The European Central Bank ("ECB") recently launched a public consultation, open until 27 January 2017, on draft guidance for certain credit institutions to develop clear and consistent definitions, measures and monitoring with regard to leveraged transactions.
The guidance makes, amongst others, the following recommendations:
- that banks put in place a unique and overarching definition of leveraged transactions;
- that banks clearly define their strategy for leveraged transactions, as well as their appetite for underwriting and syndicating such transactions (the guidance recommends that leveraged transactions where the total debt to EBITDA ratio exceeds 6.0 times should only be underwritten in exceptional circumstances);
- that banks make sure, through a robust credit approval process and regular monitoring of leveraged portfolios, that leveraged transactions adhere to the bank's stated risk appetite standards; and
- that bank's senior management receive regular comprehensive reports about leveraged transactions carried out.
The first point to note is that the draft guidance is non-binding, and applies only to "significant credit institutions" supervised by the ECB under the single supervisory mechanism ("SSM") regulation a list of "significant credit institutions" supervised by the ECB can be found here. This means that "less significant" credit institutions and institutions in member states outside the SSM (such as the UK) are outside the scope of the guidance, although branches of UK banks established in a country to which the SSM applies may be caught.
The draft guidance proposes that "leveraged transactions" are transactions which meet one of the following criteria:
(i) loans or credit exposures, whether in the banking book or the trading book, where the borrower's post-financing level of leverage exceeds a total debt to EBITDA ratio of 4.0 times, judged at any of origination, modification, extension or refinancing; or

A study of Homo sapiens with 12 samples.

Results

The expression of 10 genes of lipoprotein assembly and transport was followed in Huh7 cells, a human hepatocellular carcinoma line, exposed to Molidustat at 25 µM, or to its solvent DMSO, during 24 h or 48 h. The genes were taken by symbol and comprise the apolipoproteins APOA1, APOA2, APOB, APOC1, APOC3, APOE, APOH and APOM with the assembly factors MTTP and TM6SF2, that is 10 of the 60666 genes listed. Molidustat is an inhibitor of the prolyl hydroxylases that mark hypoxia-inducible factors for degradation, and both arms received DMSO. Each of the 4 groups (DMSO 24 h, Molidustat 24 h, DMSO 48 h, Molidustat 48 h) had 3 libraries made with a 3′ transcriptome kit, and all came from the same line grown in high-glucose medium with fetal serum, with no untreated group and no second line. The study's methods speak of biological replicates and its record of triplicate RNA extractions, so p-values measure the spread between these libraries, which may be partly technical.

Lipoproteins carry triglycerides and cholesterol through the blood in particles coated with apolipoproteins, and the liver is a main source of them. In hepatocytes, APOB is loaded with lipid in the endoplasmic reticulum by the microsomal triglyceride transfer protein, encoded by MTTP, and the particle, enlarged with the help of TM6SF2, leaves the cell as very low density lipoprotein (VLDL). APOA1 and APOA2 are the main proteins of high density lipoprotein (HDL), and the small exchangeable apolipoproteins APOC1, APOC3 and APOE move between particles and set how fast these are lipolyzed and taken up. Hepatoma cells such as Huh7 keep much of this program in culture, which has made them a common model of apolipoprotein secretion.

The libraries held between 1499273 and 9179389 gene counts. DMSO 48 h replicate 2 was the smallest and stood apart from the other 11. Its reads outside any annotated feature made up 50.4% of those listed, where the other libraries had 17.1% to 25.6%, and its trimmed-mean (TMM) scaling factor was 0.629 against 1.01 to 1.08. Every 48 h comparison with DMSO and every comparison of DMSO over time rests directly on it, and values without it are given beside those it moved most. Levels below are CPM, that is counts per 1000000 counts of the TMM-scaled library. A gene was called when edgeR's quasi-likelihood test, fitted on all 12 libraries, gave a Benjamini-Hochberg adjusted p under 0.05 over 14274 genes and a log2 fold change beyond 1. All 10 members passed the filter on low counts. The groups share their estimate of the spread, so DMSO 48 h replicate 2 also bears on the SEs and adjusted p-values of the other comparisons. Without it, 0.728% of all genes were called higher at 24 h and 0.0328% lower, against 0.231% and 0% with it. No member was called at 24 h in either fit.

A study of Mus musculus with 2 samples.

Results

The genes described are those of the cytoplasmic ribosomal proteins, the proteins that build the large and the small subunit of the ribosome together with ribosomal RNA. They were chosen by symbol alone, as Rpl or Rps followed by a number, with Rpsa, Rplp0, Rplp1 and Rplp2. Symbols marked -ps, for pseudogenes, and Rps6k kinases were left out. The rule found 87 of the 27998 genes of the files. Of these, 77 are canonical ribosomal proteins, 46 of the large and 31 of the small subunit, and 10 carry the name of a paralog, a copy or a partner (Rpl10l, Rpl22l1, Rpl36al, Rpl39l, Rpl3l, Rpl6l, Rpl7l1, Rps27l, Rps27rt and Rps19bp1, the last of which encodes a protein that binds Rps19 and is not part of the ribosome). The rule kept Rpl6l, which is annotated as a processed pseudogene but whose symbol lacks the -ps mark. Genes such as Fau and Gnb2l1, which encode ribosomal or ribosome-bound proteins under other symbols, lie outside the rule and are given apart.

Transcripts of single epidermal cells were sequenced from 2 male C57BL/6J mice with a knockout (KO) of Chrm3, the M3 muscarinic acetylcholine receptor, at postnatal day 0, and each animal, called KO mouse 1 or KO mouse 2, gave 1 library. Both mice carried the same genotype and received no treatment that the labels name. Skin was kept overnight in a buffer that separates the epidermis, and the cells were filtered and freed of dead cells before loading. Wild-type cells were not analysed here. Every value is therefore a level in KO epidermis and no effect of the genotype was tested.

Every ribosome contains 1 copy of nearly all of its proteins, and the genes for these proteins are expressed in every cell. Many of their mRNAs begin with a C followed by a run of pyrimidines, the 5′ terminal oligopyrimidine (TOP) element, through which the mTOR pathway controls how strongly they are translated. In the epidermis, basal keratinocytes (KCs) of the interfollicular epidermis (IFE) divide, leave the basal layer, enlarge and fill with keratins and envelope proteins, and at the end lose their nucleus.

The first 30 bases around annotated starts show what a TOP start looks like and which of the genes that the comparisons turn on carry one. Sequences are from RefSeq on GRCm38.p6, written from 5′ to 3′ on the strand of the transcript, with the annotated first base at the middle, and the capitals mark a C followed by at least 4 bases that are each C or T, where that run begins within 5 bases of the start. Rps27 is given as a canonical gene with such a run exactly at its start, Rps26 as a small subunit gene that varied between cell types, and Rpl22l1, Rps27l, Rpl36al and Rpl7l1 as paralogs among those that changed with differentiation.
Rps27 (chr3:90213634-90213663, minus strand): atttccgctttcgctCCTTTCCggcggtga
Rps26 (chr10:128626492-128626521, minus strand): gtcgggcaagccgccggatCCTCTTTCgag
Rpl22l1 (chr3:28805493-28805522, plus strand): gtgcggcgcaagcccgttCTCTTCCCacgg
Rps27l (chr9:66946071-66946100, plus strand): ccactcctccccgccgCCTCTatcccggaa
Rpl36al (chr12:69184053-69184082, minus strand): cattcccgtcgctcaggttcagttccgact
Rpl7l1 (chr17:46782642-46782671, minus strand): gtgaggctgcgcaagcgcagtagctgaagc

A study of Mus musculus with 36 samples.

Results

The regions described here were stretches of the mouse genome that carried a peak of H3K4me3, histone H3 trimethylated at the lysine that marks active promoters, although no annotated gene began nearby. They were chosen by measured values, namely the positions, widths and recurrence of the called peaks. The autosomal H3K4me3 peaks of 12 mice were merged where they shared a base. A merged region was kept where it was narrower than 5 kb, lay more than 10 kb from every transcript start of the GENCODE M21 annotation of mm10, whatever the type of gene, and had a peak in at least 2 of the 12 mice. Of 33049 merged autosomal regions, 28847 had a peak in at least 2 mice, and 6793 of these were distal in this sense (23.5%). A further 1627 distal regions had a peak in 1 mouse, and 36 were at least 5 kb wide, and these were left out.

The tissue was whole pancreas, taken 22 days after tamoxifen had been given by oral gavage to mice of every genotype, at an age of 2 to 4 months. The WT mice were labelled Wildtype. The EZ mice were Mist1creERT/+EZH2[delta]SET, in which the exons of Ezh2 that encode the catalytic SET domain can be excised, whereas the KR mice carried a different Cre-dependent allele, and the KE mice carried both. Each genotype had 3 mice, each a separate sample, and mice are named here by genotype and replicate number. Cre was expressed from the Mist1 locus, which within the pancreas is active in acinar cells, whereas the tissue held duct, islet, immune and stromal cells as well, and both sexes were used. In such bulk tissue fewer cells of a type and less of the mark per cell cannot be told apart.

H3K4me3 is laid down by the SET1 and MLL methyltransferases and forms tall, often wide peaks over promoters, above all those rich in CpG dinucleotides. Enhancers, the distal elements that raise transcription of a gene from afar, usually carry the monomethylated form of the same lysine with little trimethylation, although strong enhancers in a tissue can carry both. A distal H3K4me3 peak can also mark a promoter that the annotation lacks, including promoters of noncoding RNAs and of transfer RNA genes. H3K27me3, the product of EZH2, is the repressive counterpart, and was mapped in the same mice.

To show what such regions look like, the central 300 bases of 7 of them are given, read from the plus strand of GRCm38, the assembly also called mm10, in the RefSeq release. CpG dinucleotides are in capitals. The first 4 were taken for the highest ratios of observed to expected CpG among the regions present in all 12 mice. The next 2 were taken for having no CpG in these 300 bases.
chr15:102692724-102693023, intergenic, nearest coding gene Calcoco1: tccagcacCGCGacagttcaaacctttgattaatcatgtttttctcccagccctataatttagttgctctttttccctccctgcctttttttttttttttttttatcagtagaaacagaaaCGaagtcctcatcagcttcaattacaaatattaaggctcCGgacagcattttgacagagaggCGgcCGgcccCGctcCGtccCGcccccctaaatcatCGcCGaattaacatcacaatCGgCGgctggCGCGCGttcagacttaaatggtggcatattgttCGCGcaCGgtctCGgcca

(ii) loans or credit exposures where the borrower is more than 50% owned or controlled by a financial sponsor (defined as an investment firm that undertakes private equity investments and/or leveraged buyouts of companies with the intention of exiting those investments on a medium term of more than six months).
It is worth noting that EBITDA is referred to on an unadjusted basis and transactions where the borrower is majority owned or controlled by a financial sponsor, regardless of leverage, would be caught by the guidance. The following are not expected to be covered by the definition:
(i) loans with natural persons, credit institutions or investment firms;
(ii) loans where the own consolidated exposure of the credit institution is below 5million;
(iii) loans secured by an asset that pertains to asset based loans;
(iv) commercial real estate financing;
(v) project finance loans; and
(vi) trade finance.
Generally, the guidance provides detailed recommendations for banks' policies and procedures around leveraged lending. However, the scope of institutions to which the draft guidance applies may limit its application.